The Critically Endangered Central American river turtle is the sole surviving species of an historically widespread family of turtles. However, the entire lineage is now restricted to parts of Belize, southern Mexico and Guatemala.
The Central American river turtle diverged from all other living turtles around 80 million years ago. To put this in perspective, this species sits alone on the tip of a branch of the tree of life stretching back to the time of the dinosaurs. The branch of the tree of life upon which humans reside is a mere twig in comparison, stretching back less than 10 million years before we reach our last common ancestor with chimpanzees and bonobos.
This large freshwater turtle is highly aquatic and feeds only on plant matter. Its large size and apparently tasty meat mean this species is a highly profitable resource for local people and has been overexploited across its range. This overexploitation has led to many populations becoming extirpated.
The species is severely threatened across its range and is listed as Critically Endangered by the IUCN Red List on the basis of widespread, dramatic and ongoing population declines. The species is now protected by various forms of national and international legislation, and is listed in CITES Appendix II. Captive breeding efforts are underway, and the implementation of existing measures is critical for the survival of this species.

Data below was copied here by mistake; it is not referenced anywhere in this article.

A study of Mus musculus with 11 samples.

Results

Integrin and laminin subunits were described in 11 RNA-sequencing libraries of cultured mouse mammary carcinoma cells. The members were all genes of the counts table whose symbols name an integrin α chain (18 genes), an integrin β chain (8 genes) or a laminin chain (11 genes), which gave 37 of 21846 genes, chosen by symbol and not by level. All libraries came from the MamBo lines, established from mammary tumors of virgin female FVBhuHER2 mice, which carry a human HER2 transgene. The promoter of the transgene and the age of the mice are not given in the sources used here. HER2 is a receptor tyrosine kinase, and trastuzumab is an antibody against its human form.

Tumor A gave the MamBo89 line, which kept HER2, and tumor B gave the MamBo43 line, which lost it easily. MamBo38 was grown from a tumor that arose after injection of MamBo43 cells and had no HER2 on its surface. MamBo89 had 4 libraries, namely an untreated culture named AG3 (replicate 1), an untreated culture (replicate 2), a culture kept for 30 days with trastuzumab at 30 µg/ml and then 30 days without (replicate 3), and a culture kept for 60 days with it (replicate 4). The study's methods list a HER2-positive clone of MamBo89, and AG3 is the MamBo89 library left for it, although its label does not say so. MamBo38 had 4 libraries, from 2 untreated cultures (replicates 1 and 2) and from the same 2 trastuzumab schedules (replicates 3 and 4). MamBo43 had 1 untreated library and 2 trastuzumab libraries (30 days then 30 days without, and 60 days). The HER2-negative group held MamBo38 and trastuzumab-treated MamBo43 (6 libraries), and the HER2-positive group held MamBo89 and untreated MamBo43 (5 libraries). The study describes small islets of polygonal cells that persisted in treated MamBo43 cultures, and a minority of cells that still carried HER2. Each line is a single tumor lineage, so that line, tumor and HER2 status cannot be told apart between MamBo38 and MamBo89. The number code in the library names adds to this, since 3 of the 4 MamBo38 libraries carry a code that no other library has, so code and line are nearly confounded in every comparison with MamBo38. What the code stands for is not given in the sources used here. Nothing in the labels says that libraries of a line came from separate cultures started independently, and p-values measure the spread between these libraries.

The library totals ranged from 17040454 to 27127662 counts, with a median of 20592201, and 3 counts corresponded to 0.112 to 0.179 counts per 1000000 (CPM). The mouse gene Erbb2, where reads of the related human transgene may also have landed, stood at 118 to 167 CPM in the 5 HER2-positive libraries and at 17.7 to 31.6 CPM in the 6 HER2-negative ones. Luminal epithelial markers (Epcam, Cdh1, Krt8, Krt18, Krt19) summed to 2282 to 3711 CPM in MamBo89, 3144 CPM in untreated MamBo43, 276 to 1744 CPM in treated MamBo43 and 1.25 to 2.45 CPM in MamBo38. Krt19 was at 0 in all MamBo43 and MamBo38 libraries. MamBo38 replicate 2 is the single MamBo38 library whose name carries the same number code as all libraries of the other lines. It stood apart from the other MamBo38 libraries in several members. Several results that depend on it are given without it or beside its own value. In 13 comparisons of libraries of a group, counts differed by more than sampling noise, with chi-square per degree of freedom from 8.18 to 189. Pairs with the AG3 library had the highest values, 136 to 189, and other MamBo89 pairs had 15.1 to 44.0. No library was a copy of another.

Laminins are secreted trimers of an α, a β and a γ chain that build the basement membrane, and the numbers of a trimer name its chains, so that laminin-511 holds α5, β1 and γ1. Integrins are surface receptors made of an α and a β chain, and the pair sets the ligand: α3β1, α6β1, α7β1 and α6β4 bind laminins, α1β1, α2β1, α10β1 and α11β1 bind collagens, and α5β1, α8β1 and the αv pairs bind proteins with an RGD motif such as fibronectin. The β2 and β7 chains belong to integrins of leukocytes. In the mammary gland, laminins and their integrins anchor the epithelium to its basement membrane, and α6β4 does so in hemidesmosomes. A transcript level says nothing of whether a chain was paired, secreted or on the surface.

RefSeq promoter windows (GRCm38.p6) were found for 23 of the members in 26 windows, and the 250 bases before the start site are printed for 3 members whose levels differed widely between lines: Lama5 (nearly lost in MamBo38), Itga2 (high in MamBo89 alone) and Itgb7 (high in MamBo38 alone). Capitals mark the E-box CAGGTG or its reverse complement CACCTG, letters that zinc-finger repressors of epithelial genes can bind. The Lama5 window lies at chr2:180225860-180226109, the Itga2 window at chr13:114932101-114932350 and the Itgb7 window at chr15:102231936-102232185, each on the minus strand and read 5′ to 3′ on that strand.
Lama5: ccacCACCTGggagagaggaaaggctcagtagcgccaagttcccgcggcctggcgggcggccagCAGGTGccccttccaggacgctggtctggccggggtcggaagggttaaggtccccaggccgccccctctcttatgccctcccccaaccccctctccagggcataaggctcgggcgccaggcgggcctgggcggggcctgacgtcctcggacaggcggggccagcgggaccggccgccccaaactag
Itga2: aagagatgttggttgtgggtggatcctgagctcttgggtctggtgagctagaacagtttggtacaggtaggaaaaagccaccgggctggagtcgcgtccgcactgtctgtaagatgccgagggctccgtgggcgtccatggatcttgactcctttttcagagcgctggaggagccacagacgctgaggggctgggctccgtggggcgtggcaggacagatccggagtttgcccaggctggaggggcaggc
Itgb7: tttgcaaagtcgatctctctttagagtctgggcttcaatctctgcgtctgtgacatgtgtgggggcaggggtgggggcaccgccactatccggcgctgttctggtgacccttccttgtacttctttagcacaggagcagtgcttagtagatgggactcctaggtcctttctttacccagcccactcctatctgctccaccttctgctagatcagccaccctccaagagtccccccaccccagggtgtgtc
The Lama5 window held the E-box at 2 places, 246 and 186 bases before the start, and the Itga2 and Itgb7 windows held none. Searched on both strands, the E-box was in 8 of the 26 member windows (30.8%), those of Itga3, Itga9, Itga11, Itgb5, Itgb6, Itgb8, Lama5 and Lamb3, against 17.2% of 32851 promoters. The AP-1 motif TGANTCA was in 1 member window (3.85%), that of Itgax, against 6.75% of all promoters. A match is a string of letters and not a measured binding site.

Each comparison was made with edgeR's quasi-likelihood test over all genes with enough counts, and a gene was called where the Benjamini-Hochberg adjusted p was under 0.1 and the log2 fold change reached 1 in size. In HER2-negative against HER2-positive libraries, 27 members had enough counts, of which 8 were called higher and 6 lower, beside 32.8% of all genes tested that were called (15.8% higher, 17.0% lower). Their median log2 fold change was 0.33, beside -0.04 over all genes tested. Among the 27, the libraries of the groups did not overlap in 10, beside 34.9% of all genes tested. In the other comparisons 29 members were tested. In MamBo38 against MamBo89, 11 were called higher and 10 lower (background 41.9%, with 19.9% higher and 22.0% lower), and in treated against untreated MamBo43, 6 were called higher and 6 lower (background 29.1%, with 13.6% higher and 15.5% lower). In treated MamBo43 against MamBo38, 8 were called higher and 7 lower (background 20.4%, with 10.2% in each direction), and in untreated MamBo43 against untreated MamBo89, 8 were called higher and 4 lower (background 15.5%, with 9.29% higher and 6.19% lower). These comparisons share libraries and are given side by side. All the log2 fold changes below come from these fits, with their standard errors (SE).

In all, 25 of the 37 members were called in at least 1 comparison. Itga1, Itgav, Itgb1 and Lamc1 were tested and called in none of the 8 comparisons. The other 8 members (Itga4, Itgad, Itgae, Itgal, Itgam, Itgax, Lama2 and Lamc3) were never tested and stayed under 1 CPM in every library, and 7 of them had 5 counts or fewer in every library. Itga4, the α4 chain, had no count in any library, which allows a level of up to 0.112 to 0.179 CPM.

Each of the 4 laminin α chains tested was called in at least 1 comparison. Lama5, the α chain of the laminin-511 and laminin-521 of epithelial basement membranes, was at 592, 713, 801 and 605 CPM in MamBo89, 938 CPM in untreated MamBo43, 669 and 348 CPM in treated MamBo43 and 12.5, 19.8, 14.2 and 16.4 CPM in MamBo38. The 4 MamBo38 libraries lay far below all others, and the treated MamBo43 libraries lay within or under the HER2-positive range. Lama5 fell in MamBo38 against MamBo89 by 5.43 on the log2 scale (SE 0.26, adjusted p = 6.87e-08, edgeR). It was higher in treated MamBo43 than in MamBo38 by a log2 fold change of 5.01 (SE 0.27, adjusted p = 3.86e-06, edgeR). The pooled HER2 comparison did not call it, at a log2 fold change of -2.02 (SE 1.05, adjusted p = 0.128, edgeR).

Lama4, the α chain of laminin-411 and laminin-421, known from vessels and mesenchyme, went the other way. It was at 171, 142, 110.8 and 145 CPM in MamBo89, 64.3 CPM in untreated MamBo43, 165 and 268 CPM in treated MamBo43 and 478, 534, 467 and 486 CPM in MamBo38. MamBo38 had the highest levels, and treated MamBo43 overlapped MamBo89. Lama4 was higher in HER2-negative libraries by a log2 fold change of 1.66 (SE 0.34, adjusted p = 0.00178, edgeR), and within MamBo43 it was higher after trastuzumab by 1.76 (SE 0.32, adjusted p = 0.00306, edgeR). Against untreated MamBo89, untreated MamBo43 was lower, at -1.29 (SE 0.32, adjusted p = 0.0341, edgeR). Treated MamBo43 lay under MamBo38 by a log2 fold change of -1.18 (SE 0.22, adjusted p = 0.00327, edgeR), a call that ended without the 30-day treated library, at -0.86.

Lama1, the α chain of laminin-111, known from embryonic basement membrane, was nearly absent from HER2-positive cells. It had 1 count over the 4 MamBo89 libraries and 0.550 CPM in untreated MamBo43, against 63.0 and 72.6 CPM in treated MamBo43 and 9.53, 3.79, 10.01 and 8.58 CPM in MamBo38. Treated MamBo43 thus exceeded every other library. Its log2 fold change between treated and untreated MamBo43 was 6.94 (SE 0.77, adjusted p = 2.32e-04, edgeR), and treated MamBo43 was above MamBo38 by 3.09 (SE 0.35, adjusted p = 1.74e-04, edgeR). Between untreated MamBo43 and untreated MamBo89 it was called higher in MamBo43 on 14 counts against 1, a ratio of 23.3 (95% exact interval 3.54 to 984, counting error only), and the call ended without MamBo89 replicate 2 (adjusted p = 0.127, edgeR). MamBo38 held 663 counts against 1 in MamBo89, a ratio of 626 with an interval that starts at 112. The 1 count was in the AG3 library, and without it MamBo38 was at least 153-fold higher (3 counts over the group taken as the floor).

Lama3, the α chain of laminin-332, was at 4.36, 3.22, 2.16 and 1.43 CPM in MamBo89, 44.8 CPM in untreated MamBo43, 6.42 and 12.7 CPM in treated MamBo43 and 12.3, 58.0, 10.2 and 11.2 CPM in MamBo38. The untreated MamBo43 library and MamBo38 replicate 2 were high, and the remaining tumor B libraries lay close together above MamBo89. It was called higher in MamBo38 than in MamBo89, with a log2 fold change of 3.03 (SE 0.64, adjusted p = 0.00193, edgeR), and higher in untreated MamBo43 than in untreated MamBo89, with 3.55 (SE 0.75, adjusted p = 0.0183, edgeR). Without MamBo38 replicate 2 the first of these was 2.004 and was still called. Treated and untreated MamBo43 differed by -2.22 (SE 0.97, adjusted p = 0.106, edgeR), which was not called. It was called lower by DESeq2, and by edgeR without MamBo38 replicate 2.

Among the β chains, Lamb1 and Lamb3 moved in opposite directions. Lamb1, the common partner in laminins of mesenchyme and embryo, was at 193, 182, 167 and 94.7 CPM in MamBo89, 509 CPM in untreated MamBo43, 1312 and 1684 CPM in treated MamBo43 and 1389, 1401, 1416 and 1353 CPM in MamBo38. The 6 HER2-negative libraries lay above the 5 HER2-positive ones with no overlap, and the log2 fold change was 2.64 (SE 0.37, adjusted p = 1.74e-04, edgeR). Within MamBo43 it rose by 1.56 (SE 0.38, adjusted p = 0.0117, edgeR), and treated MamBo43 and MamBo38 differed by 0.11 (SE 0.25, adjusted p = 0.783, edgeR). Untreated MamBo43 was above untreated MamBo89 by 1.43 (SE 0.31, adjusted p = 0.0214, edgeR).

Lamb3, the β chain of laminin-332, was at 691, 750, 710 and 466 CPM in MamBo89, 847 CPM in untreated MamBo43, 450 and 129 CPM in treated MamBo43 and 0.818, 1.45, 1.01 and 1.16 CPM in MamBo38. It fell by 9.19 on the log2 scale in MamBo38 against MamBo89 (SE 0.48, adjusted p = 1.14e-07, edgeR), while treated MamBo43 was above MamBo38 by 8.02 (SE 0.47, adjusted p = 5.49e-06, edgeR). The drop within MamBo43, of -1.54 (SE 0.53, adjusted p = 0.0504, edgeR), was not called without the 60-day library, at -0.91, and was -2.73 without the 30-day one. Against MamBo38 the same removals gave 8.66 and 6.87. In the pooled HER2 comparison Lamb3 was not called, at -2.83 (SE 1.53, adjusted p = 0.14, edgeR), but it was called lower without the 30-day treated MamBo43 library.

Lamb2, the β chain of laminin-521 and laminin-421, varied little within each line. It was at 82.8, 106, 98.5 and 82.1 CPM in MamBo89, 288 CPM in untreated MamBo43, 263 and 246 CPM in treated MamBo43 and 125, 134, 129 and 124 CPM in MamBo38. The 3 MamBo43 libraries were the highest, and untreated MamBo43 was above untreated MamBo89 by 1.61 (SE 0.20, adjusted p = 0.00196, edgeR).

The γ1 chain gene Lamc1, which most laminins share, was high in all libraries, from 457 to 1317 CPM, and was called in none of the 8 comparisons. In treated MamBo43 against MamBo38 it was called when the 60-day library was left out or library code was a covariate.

- Order: Testudines
- Family: Dermatemydidae
- Population: Unknown
- Trend: decreasing
- Size: 60cm (?)
- Weight: 14kg
The Central American river turtle is found in certain Atlantic drainages of Guatemala, southern Mexico — from central Veracruz to Campeche — and throughout Belize.
Habitat and Ecology
Central American river turtles tend to inhabit relatively deep rivers and lakes, travelling through flooded forests to nest during the wet season. As the flood waters drop they often become trapped in oxbow lakes until the next wet season. These turtles are poorly suited to life outside water and feed on aquatic vegetation and fallen fruits and leaves from riparian vegetation.
Females nest at the height of the wet season, laying as many as four clutches of eggs. Nests are often inundated by flood waters for weeks without any negative effect on hatchling survival.